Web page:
One of the challenges associated withimplementing software for small accounting firmsis finding solutions which meet the needs of the organization. While what constitutes success means different things to different people, I generally find that it means some combination of the following items:
- The application makes the production of work more efficient and lets professionals use their time more effectively.
- The productmakes it easy for usersto store, retrieve, and communicate information with partners, staff, and clients from anywhere at any time.
- The product makes it easier to accumulate data, bill clients, and evaluate staff performance.
- The application has integration into key applications used by the practitioner
While there are a wide range of solutions used by practitioners, most would consider their key applications to be e-mail, calendar, document management, project management/workflow, practice management, e-mail, calendaring, and any service-specific applications used by the firm (e.g. client bookkeeping software, engagement software, tax software, etc.).
Just as individuals look for a wide range of attributes when seeking a mate, a the definition of “a good practice management application” means different things to different people. There are a wide range of processes systems used to track, manage, bill, and collect fees for accounting and bookkeeping firms, and the processes which work for a small shop which provides payroll, bookkeeping, and retail tax may not work for a large firm which performs consolidated tax returns and international audits of public companies. This concept of finding“the right fit”is problematic for sales people who have never practiced accounting in a firm, and is even more difficult for those who only have limited experience with one or two solutions. If your vendor has real experience and not just knowledge you stand a better chance of partnering with them on successful implementation.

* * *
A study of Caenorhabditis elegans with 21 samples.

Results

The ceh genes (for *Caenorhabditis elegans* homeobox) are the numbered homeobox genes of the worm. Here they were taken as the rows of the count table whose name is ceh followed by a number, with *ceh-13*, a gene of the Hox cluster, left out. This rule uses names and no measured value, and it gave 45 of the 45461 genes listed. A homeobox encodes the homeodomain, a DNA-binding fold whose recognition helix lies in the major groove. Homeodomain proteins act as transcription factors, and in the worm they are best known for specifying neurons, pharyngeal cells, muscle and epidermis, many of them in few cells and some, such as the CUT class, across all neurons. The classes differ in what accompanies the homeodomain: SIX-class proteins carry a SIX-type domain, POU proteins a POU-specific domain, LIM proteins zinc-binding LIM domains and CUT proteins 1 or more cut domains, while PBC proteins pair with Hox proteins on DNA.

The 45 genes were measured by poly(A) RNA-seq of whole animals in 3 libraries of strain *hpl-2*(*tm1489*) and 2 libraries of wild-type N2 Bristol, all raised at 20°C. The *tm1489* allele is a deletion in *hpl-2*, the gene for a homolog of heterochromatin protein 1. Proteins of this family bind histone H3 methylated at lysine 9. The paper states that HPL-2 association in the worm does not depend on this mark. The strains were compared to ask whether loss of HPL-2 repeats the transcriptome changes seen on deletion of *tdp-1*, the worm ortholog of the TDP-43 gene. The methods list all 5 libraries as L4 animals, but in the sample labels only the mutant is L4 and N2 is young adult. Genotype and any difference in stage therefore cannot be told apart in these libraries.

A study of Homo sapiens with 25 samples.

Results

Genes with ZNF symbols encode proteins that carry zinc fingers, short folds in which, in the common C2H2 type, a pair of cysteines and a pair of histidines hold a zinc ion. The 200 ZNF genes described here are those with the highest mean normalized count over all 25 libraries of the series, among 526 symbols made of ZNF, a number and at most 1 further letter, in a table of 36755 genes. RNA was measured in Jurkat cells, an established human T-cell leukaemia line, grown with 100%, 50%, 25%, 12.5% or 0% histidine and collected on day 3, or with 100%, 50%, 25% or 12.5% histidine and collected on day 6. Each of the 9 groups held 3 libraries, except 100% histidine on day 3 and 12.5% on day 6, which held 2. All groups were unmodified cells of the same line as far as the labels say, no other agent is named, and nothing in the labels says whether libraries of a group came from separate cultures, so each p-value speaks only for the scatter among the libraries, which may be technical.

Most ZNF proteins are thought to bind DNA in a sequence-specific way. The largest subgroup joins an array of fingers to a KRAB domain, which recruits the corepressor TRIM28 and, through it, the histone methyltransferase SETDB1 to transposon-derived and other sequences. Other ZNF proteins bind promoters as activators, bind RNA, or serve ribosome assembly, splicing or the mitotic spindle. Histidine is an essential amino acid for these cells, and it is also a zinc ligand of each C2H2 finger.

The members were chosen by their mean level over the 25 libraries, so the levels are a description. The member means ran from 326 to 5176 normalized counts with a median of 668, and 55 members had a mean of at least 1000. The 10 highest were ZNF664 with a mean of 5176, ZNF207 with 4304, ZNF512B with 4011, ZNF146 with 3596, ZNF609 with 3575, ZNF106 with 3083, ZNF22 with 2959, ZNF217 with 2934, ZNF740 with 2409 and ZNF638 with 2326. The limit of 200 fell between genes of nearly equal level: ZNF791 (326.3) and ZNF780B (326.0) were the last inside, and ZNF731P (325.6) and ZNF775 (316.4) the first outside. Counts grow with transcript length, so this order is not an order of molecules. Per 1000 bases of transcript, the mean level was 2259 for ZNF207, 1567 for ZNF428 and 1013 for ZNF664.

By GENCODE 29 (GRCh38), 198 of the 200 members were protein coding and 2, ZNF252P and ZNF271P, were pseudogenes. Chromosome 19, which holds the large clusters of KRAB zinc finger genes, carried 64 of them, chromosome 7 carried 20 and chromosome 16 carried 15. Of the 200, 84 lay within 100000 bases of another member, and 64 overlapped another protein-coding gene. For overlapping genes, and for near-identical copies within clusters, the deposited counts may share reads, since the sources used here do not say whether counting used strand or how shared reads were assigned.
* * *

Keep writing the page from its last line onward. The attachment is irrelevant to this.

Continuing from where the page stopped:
Because of these challenges, effective networking and discussions with other firms are essential when selecting a practice management application. Firms should view demonstrations, ask questions, and check references given by the software publisher. Buyers should supplement their personal knowledge with data from other organizations. Some non-traditional sources of information on products in the marketplace include:
- Other practitioners with similar practices and management styles professional groups (state CPA societies, NSEA, NATP, NSA, AAA, AICPA, etc.)
- Peers in accounting firm networks (e.g. Boomer, CPAmerica, Enterprise Network, McGladrey, Moore Stephens, ThriveAl etc.),
- Publications likeThe CPA Practice Advisorwhich use reviewers who haveactually practiced public accounting,
- Demos of software products, along with tools like user manuals and training manuals which give detailed information on the features and limitations of the application. Check to see if the vendor has a user group or a LinkedIn group to engage users with real experience with the application. Also request a referral list.
- Online blogs and newsgroups which discuss accounting firm technology and issues such as www.CPAFirmTech.com, www.CPATechBlog.com, or www.DustinWheelerCPA.com, or
- Social networks like LinkedIn, FaceBook, and Twitter. You’d be amazed at the feedback you can obtain by posting a message like “My firm is thinking about picking a new practice management application. Are any of you currently using a practice management application, and do you have any feedback – good, bad, or ugly – about either your current solution or others you have used or evaluated.”